Posted by Ryan Pinke on

As little as five years ago, video conferencing and collaboration was considered "leading edge" and only the largest companies could afford the heavy upfront investment for equipment, dedicated room space and a team of people to manage it.

Fast forward to 2019 and the investment has shrunk to pennies on the dollar. You can now "video enable" a conference room for less than $5,000 (in fact, we have room kits for less than $2000). And supporting those rooms doesn't take an army of technical wizards either - any company can have a room up and running in less than a couple days.

Cost and technical expertise is no longer a barrier for any company. What holds many people back is perception, more than reality. There is still a perception that Video Conferencing is difficult or it requires specialized technical knowledge to setup and keep running. The difference between today and the past, is now video conferencing is "software based", meaning most of the complicated video and audio capabilities are now manged by software, rather than hardware.

Support hasn't gone away, you still need to manage the software licenses, train and support users, manage room hardware, etc. but it has been simplified.  In fact, the latest versions of Zoom now support consolidated, remote management room hardware, which allows "management" of Zoom Rooms from remotely.  On-site personnel are not required to solve most problems.

Picking the right products is key when moving into the world of video conferencing and reaping the benefits of connecting with employees, work teams and customers. 

But how to make the the "right" decision when you don't necessarily know the right questions to ask.  The key to getting started is understanding two things about your business:

1. WHAT meeting space(s) do you want to "video conference" enable?

Rarely would any company completely transform all their meeting spaces into video conferencing spaces to begin. Most of our clients start off with either a single "room" or a single location. There are lots of things you want learn from this startup phase, including how much the room will be used, how much time/effort it takes to train your employees, what type of support is required (either internally or from an external support group), etc. 

Have a plan on the type of space goes a long way in determining what hardware you need.  The options aren't endless, most rooms have the same basic setup - Display, Camera, Microphones, Speakers, and Room Controls.  The decisions for the type of each of those products is limited (or expanded) by the meeting space.

For example, different products would be used if the meeting space is in "open space" or if it is enclosed, like a regular conference room.  There are Cameras specialized if the room has extreme light conditions, such as having windows facing East or West.  Also, there are Audio products which provide both standard voice (phone calls) and video conferencing, along with Bluetooth enabled audio products.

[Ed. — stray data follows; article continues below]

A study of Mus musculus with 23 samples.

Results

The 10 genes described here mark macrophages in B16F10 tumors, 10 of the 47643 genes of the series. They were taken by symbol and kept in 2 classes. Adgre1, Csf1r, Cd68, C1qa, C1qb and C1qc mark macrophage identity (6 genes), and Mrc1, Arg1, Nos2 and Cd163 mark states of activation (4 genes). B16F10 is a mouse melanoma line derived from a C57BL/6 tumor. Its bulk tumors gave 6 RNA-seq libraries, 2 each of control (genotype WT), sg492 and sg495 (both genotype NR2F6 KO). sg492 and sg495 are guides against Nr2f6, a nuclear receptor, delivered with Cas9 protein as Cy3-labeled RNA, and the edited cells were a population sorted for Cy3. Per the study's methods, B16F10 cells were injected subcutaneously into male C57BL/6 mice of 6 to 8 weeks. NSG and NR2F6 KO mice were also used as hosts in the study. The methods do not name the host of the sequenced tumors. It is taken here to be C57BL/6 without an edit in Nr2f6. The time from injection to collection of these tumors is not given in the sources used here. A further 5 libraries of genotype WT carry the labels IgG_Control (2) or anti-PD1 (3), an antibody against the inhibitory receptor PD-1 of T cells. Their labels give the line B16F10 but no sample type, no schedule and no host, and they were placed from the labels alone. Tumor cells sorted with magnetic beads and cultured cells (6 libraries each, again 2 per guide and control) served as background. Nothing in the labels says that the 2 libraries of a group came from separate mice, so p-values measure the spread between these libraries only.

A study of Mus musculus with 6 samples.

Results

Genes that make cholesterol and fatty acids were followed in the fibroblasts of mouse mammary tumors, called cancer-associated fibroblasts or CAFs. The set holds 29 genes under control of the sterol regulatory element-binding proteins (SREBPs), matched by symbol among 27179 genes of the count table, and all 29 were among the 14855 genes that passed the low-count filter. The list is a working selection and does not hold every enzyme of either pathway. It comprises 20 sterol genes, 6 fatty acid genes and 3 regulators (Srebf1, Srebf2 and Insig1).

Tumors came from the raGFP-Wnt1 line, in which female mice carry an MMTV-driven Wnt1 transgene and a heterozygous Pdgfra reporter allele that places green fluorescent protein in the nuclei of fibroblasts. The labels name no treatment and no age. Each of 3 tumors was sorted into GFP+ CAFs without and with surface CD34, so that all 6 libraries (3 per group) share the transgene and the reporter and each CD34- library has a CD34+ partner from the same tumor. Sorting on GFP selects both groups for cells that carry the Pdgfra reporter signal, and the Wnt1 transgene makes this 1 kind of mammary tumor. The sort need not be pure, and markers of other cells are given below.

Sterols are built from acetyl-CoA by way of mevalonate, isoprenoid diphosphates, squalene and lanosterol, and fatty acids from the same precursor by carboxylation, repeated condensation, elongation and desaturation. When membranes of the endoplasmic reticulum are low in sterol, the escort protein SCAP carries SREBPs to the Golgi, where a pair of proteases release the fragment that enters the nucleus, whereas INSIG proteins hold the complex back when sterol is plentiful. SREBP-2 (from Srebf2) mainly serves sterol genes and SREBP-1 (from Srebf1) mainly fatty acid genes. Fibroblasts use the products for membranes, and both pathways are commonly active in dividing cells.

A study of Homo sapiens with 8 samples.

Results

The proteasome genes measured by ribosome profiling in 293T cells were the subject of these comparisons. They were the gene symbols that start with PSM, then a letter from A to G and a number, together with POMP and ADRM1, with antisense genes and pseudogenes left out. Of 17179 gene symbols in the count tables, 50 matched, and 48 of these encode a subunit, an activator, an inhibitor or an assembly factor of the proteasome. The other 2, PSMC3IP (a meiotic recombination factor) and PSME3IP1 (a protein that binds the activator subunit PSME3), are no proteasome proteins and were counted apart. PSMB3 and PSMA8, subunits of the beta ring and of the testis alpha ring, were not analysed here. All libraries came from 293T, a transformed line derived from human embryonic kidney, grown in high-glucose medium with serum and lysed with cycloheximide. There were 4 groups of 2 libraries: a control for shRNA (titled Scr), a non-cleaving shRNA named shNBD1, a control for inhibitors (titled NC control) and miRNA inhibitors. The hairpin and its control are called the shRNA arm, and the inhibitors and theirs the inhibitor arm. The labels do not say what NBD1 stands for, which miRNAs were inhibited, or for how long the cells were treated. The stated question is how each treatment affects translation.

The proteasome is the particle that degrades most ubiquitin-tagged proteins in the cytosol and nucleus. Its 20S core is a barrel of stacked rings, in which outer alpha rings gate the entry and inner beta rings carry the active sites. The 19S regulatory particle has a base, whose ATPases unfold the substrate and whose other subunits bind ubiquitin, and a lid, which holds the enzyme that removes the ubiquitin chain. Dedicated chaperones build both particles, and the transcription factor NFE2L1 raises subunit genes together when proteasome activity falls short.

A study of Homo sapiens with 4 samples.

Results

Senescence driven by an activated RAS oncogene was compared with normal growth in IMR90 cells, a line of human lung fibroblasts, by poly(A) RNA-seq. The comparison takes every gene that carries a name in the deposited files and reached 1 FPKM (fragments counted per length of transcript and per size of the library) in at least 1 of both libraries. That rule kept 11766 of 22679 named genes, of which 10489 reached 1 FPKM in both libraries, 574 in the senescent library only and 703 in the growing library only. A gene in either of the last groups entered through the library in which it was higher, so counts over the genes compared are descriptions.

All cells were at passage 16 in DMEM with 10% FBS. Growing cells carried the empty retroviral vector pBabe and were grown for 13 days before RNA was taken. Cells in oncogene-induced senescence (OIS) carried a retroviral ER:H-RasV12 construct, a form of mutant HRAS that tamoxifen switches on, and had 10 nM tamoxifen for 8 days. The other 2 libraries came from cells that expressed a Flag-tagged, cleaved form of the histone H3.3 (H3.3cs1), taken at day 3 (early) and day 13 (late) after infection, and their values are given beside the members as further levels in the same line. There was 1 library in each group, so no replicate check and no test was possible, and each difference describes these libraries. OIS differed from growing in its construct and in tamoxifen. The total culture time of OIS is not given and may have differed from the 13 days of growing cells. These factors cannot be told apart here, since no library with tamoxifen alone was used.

That's why, determining the meeting space is a key decision, because the space will determine which products fit best.  

2. HOW do you want to use the video conferencing meeting space?

Once you've determine the meeting space, you have to determine how you are going to use that space.  We all know there are some rooms within our offices that are better for small groups, and others for large groups. Do you have lots of small teams that need to meet? Are your teams in different locations? Do you have remote employees, are they clustered in a single locations or in home offices.

One of the key benefits, beside being able to see the people in the meeting, is sharing files, collaborating on documents, reviewing project plans, etc.  But this isn't limited to only to online sharing.  Video conferencing allows everyone in the meeting to have an "in room" experience, that means if you have have whiteboards (either smart or not), you can show what is being written/drawn. 

Understanding if the meeting space will be primarily used for team meetings, training, work/project teams, customer presentations, or anything number of other uses, that use will dictate what products fit best.

Regardless of where you start, it's important to understand video conferencing doesn't need to be difficult, in fact, it should be used to enhance your company's current communications and how your employees work today.  The benefits far outweigh any disadvantages. For most of our customers, once they start down the path of adding video conferencing to their meeting spaces, they don't stop, they actually accelerate.

If you have any questions, please don't hesitate to reach out to us.  We are here to ensure you have the right products for your goals.